Varnado poised to set NCAA record for blocks

October 24, 2009 10:22:00 PM

Danny P Smith -


BIRMINGHAM, Ala. -- Mississippi State men''s basketball coach Rick Stansbury preaches defending and rebounding to his team. 


But he has yet to run a shot-blocking drill in practice. 


Stansbury discovered early Jarvis Varnado didn''t need it. He already had that skill. 


Varnado, who could set the NCAA all-time record for blocked shots in a career before the end of his senior season at MSU, has been rejecting shots since his high school days at Haywood High School in Brownsville, Tenn., so it was nothing new to him. 


With 142 more blocks, Varnado could pass the NCAA mark held by former Louisiana-Monroe player Wojciech Mydra. 


Stansbury said Varnado''s feat, when it happens, will be "an incredible story." 


"He has a chance to do something no one else has done," Stansbury said. "You think about the Bill Russells, Wilt Chamberlains and Shaquille O''Neals, all the great shot blockers that have played this game, and he has the potential to be the best ever (in college). He deserves all of the credit he gets." 


It was fitting Stansbury brought up Russell at Southeastern Conference Media Day on Thursday because Varnado picked up pointers by watching the NBA Hall of Famer on television. 


"I love watching basketball," Varnado said. "I turn on ESPN Classic and some of (Russell''s) games would be on. I would watch how he defends and gets down the floor quickly." 


The key to blocking shots for Varnado is reading shot fakes and playing good position defense. 


As an assistant coach, Stansbury watched former Bulldog Erick Dampier (1994-96) block his share of shots. 


The 6-foot-11, 275-pound Dampier used his build to dominate the glass, but Stansbury said Varnado is different.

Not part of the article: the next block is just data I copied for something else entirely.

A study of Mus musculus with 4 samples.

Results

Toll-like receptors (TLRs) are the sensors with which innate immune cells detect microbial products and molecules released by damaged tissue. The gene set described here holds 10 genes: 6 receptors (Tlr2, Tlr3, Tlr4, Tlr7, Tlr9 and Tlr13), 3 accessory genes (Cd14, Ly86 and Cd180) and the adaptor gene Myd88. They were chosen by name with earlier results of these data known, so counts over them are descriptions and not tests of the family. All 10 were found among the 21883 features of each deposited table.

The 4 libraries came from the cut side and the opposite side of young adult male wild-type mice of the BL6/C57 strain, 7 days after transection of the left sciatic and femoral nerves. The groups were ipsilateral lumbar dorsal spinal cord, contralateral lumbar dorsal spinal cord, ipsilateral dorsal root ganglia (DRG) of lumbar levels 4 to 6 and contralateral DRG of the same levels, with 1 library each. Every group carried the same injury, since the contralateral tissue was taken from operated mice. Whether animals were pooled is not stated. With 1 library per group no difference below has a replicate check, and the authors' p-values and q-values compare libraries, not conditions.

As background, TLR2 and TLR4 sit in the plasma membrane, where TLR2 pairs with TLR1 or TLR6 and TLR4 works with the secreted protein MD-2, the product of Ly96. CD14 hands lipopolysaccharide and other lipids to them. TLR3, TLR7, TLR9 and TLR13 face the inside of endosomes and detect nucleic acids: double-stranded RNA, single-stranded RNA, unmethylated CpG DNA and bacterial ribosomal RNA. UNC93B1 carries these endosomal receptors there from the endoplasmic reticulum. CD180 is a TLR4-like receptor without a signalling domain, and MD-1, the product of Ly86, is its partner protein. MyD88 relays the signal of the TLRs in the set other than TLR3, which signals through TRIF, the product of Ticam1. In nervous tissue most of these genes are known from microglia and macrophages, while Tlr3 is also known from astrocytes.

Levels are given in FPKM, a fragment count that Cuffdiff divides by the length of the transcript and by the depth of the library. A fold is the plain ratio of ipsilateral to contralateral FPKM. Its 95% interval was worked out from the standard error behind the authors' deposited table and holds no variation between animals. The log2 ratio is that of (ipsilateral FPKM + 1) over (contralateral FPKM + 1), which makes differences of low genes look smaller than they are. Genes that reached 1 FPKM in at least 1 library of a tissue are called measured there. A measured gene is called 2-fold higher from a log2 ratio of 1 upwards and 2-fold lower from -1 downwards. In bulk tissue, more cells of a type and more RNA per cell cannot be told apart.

"Jarvis impacts the defense better and is a better shot blocker," Stansbury said. "He''s so quick off his feet and he recoils quickly. He can really move." 


Varnado gets satisfaction from blocking a shot and keeping it in bounds. On most occasions, his teammates will take the blocked shot and run the fastbreak for an easy basket on the other end of the floor. 


LSU senior forward Tasmin Mitchell said a scorer has to approach Varnado in the paint in different ways. 


He has a plan of how to attack Varnado, but has decided to keep it a secret until the Tigers play the Bulldogs on Jan. 30 and Feb. 20, 2010. 


"I''m not going to tell all my tactics, but you just can''t throw a shot up there on him because he''s going to block it," Mitchell said. 


Varnado rejected Kentucky''s Patrick Patterson several times two years ago. Patterson, a junior center, said Varnado''s ability to block shots can throw a player off his game. 


In the post, Patterson believes the best thing to do against Varnado is to establish position before he does, put a shoulder into his chest, make him step back, and jump into him. 


Alabama senior guard Mikhail Torrance said there''s no way to dodge a shot blocker like Varnado, so the best strategy is to go right at him. 


Tennessee senior forward Tyler Smith said sometimes all a player can do against Varnado is "hope he fouls you," which leads Auburn senior forward Lucas Hargrove to "pray (the official) blows the whistle." 


Kentucky coach John Calipari said if there''s a better shot blocker in the country than Varnado, he wants to see him. While he was at Memphis, Calipari saw Varnado as a sophomore in the NCAA tournament (2008). 


Since then, Calipari said Varnado has made strides on the offensive end. 


"If you don''t get a body on him, probably the next thing you''re going to hear is him dunking over the top of your head," Calipari said. 


Varnado, who increased his scoring production from 7.9 points per game as a sophomore to 12.9 points per outing as a junior, said it would be an "extreme honor" to get into the record book for blocked shots in a career, but he insists it''s not his focus. 


"I think we''ve got a good team and we''re trying to win games," Varnado said. "We have a chance to compete for an SEC title as well as an NCAA title."